Psychosis - Cavalera Conspiracy

Artist: Cavalera Conspiracy

Album: Psychosis

Genre: Metal

Review by Steve Jenkins

The closest thing we'll ever get to a full on Sepultura reunion is Cavalera Conspiracy, as almost everyone is familiar by now about the history surrounding former and current members. It's been over twenty years since the original Sepultura became obsolete, and in the meantime we've been very lucky to receive a massive amount of releases from various projects that have stemmed from the demise of one of the most legendary metal bands of all time.

The most famous brothers in heavy metal, Max and Igor Cavalera have been back making music for just over a decade, now they're back with their fourth full-length Cavalera Conspiracy release, titled Psychosis. Where the previous three albums didn't stray too far from Soulfly-like territory: an odd-yet-welcome mix of 'jumpdafukup' groove, death/thrash, and grindcore riffing – this latest adventure prefers instead to revel in the high-spirited days of the late 80's through mid 90's.

There are plenty of ferocious moments on Psychosis that will please old school and new fans alike, songs such as "Insane" and "Terror Tactics" give off a real death/thrash frenzy, taking you back to the classic era of the mighty album Arise. It seems that 2017 sees the Cavelera Brothers arise again, going back to their roots that were once buried beneath the remains, unleashing chaos to those who choose to listen.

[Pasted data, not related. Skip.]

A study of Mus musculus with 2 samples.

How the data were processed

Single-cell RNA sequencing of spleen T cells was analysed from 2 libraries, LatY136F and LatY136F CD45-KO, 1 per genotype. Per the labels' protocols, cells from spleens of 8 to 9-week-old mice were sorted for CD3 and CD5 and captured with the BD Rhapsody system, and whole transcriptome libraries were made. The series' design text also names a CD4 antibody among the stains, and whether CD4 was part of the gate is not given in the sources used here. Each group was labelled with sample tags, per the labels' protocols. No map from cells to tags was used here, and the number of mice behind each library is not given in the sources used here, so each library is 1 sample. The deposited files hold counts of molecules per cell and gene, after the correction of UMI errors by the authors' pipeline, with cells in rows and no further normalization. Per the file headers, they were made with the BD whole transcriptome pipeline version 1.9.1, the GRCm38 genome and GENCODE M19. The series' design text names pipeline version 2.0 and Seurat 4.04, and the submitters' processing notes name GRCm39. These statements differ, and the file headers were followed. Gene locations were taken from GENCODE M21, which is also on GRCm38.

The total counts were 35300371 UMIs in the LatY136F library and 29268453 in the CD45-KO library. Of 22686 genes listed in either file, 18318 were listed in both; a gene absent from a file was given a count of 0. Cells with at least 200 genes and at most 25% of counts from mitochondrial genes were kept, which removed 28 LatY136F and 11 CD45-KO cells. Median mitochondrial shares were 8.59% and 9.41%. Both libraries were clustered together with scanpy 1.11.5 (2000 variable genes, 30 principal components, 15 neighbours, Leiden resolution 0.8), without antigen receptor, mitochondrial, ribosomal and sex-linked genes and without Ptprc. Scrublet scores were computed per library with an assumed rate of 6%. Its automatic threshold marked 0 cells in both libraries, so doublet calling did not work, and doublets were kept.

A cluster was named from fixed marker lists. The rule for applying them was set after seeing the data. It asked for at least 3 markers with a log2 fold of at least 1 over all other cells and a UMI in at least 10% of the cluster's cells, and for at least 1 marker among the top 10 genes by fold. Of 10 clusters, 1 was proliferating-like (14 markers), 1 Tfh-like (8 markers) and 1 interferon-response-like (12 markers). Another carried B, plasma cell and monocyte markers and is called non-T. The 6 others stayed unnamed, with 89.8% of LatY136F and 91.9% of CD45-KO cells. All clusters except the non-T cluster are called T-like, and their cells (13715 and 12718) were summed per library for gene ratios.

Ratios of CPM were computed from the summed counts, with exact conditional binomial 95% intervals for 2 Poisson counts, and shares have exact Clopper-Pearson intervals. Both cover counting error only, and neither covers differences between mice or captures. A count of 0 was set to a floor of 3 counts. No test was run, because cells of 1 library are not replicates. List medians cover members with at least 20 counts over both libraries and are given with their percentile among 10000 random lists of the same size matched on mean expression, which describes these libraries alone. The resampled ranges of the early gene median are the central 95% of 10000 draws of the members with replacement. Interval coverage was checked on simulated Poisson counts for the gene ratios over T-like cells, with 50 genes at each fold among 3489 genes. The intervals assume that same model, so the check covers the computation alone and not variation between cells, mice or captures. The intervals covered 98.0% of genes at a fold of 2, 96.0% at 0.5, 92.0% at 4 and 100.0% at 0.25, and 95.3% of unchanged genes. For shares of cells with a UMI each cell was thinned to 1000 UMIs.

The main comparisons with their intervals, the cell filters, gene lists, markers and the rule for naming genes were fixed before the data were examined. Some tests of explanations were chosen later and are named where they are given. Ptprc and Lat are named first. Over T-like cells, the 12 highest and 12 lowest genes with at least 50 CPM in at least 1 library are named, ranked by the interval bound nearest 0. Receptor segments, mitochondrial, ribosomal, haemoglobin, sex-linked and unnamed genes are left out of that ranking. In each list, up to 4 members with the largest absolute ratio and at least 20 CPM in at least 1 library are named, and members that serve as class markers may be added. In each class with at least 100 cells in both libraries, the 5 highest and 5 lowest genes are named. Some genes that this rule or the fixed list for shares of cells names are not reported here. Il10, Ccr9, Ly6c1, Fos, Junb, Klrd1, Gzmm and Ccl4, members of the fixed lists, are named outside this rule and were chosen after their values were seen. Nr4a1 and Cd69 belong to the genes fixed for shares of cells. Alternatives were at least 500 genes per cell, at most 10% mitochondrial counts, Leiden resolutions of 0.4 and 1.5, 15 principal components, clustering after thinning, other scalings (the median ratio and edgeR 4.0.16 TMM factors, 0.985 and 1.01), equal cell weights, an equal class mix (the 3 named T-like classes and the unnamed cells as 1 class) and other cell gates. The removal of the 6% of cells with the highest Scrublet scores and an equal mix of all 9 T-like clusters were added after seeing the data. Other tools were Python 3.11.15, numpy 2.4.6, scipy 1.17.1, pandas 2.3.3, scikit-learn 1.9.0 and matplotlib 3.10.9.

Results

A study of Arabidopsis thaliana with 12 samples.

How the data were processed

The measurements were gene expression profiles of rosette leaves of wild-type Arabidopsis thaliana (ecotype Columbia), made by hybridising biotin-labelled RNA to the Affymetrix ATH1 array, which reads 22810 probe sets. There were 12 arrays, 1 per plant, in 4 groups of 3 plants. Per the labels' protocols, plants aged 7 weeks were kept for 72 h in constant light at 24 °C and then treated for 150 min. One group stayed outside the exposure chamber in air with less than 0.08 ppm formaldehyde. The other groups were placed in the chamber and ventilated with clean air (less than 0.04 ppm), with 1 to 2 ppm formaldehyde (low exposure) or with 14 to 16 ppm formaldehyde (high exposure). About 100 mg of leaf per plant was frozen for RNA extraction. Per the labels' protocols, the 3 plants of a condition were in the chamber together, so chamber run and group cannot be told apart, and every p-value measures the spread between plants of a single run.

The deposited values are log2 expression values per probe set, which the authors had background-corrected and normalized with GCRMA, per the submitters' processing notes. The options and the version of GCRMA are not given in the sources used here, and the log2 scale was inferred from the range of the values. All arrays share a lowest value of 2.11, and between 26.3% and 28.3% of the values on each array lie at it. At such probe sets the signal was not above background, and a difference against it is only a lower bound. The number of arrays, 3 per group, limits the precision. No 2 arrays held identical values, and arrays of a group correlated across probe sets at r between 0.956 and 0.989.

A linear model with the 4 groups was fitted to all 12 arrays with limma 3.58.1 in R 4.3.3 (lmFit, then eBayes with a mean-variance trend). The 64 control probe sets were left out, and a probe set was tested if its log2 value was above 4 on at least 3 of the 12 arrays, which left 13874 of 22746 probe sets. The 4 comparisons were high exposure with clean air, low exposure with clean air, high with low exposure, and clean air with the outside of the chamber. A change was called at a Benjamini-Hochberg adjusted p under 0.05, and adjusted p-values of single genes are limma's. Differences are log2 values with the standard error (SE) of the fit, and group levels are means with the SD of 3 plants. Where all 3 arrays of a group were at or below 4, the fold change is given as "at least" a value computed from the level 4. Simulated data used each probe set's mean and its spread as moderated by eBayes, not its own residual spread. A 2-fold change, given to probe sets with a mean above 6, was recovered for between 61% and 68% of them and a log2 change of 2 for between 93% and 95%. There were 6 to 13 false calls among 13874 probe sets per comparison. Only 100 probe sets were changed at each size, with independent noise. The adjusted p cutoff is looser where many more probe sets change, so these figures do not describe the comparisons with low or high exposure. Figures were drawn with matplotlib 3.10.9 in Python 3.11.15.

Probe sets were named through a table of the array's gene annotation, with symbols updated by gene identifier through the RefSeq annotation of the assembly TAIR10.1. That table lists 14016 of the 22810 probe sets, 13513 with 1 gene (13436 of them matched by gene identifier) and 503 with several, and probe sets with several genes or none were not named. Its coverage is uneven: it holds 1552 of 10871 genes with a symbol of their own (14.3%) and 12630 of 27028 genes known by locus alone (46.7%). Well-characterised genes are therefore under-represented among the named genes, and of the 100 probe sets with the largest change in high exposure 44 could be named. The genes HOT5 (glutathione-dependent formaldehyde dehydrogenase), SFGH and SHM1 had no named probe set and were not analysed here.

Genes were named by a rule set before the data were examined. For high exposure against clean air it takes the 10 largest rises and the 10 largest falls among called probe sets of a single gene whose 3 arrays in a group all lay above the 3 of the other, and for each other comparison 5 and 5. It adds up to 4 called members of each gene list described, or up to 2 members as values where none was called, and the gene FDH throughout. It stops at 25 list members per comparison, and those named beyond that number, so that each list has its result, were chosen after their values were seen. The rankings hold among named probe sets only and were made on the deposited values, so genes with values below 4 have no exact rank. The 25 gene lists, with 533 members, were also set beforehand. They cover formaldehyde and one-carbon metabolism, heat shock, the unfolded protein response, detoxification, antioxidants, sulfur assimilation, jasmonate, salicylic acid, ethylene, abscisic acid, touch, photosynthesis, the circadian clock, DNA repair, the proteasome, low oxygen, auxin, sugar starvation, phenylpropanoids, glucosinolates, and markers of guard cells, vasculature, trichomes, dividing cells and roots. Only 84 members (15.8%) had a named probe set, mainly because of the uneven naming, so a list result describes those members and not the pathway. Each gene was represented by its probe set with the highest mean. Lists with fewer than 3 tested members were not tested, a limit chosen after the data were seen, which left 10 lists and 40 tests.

The rest of the album is nothing short of face-melting material, with "Impalement Execution" and "Spectral War" (tracks three and four, respectively) are a pair of songs that could easily be mistaken for their 91-93 heyday of Sepultura greatness. Both tracks are built around a vicious death/thrash attack mixed with the anarchy and groove found on classics such as "Territory" and "Slave New World". This is the kinda groove that only the brothers Cavalera can pull off: crushing yet. The latter track, "Spectral War", is the definite highlight of Psychosis. It's a literal homage to their formative years, but presented with a modern yet crushing finished product. The outro solo alone is enough to qualify this song as an anthem that fans will hopefully discover and go nuts for at future shows. "Judas Pariah" digs even deeper into the vaults, unearthing the blackened death metal sound, it's violent, evil and fucking ferocious in every sense of the word, a definite highlight.

Overall, there isn't really anything bad to say about Psychosis, in fact, it's probably their best sounding album that they've created since the demise of the original Sepultura. It's the album we've all been waiting for and it has that extra aggression and intensity that was missing from previous releases, as well as that tribal rhythm that we associate the Cavalera name with. It's a wild ride from beginning to end and even the most die-hard fans will love what they've created here. This is what you've been waiting for! This is full throttle, thrashing, bloody Sepultura!

9.5 out of 10.

Psychosis is out now via Napalm Records.